In Texas, 300 Million Trees Meet Their Maker


Tree removal expert cutting down a tree.

"When trees are precariously tipping over... they can present a real danger."

Ask any farmer how they feel when they hear the word “drought” and the reactions are bound to be negative. The dry weather impacts their crops, which impacts their livelihood. But according to the Star-Telegram, a Texas A&M Forest Service survey of “about 600 hundred forested plots” across the rural area of Texas indicates that a staggering 301 million trees were taken down in 2011 from the deadly trifecta of drought, savage winds and brutal, record-breaking high temperatures.

For Texas forests, it was considered one of most substantial losses in the past century. The 301 million figure fails to include trees that died in urban and suburban parts of Texas. The urban losses are reportedly even higher. The survey incorporated both “ground-level assessments made during a three-month period this year” as well as satellite pictures before-and-after the drought. The loss of trees is making their presence felt in the lives of commercial timber workers, as the drought has resulted in $669 million in losses. This figure is comparable to the losses suffered from Hurricane Rita in 2005, whose winds took down scads of trees. On the other hand, tree clearing professionals are actually up to their necks in work, with all the fallen trees abounding.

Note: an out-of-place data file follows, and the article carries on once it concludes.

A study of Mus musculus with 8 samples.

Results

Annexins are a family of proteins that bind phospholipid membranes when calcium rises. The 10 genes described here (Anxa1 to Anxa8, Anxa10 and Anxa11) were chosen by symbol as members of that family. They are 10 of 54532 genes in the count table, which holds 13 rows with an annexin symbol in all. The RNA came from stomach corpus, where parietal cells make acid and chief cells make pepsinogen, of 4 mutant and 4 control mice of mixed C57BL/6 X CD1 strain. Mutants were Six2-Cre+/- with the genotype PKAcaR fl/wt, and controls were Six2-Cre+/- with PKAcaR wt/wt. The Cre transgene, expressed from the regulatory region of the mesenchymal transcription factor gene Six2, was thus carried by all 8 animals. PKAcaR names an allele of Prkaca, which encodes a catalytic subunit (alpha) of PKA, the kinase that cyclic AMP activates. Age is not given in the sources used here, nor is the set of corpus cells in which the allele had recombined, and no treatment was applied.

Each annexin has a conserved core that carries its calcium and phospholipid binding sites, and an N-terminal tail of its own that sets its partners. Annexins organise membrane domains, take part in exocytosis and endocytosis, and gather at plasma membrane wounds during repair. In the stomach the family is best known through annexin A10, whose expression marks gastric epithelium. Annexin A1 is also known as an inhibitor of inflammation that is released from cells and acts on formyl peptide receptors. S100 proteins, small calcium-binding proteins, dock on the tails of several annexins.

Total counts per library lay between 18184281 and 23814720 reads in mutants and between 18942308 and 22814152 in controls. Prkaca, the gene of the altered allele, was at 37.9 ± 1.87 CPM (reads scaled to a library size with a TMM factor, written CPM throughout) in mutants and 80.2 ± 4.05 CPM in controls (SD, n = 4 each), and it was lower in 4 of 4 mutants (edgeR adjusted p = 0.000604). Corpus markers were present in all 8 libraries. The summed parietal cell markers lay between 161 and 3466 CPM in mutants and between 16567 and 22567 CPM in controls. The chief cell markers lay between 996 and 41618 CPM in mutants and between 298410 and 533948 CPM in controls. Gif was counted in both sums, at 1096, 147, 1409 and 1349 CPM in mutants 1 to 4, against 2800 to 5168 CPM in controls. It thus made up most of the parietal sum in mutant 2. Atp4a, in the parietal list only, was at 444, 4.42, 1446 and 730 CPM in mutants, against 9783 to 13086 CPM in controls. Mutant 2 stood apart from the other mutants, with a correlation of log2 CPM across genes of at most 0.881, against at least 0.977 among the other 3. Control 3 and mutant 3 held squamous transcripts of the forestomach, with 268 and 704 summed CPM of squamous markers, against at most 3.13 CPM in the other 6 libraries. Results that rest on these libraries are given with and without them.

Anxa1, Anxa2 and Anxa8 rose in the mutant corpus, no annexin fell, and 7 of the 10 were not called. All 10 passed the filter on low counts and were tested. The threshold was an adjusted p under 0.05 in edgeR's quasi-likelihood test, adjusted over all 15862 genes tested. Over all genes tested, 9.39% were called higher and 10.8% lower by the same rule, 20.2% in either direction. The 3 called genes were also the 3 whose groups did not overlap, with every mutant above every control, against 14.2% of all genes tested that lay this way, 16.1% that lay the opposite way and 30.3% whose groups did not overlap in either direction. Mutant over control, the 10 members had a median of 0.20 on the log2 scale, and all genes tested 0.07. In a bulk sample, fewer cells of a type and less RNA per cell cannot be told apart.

Mauricio Fallas of Amazing Tree Services wants to shed light on another facet of this problem. He warns, “when trees are precariously tipping over, or already knocked down, they can present a real danger to both property owners and pedestrians alike”. If a tree falls on your home, it will not only damage your home but can also injure any family members who happen to be inside at the time. If a tree falls onto a utility line it can also cause power outages, fires and other damage. In terms of law suits, if a tree on your property falls on a neighbor's property or on an unsuspecting pedestrian, it can incur physical and monetary damages, not to mention a potential law suit.

If a tree has fallen on a homeowner's block or in front of their property, Fallas recommends calling a professional for safe tree clearing. Tree removal requires heavy, complicated machinery and the experience of trained experts, so it is not something to be taken lightly or attempted on one's own. If an attempt is made to remove the tree without professional help, back muscles can be pulled, other injuries can occur, and the machinery can be damaged. Fallas warns that removing a tree without outside assistance can be a bigger risk than one initially expects.